The gentlest thing in the world
overcomes the hardest thing in the world.
That which has no substance
enters where there is no space.
This shows the value of non-action.
Teaching without words,
performing without actions;
that is the Master’s way.
(Tao Te Ching, chapter 43, translation by Stephen Mitchell)
The Value of Non-Action
The essence of philosophical Taoism is that nature is a far better teacher than those who rely on eloquent words to teach us. This is why Lao Tzu, so often, points to nature and uses forces of nature as metaphors for how to be in harmony with the way things are.
In today’s chapter, he explains how the way things are in nature, the gentlest (or softest) thing in the world overcomes the hardest, and that which has no substance (or form) enters where there is no space, shows the value of non-action, the practice of wu wei.
The practice of wu wei, or wei wu wei, is doing without doing; and, it is one of the fundamental tenets of philosophical Taoism. It is joined by knowing without knowing, and competing without competing. But wei wu wei is the greatest, and the foundation for the other virtues. It is also a much misunderstood concept.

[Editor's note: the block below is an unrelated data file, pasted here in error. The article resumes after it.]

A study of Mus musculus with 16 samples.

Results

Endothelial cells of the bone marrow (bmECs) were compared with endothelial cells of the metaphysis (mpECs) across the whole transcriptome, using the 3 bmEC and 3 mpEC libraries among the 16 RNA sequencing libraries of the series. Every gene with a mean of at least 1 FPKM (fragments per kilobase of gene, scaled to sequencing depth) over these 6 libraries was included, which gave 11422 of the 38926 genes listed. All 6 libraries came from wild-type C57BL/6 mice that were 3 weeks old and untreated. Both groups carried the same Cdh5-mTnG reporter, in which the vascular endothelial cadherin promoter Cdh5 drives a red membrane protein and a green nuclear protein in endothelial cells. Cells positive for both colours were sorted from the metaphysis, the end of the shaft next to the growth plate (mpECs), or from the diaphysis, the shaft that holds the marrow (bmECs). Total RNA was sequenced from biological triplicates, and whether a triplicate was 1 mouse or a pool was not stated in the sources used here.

Much misunderstood, and much maligned. “What do you mean you are going to do nothing?” Actually, I mean just that. But, probably “that” doesn’t mean what you think it means. It doesn’t mean being lazy. It doesn’t mean not doing your work. And, it certainly doesn’t mean nothing gets done. On the contrary, when the Tao, or the Master “does nothing”, all things get done. What it does mean is acting the way nature does, effortlessly. And, it means not forcing, not trying to control, not intervening, not interfering, not dominating. It could probably be best described as going with the flow.
And, that, should be considered superior to striving against it. Which is why wei wu wei, doing without doing, is actually the most natural way to be.
But, how can this be taught using words? Performing without actions? It seems a paradox. Or nonsensical. So it is, that the Master’s way is to teach, not with words, but by example. Pointing at the way nature accomplishes everything, without trying. It just is what it is. And, we can just be what we are, too.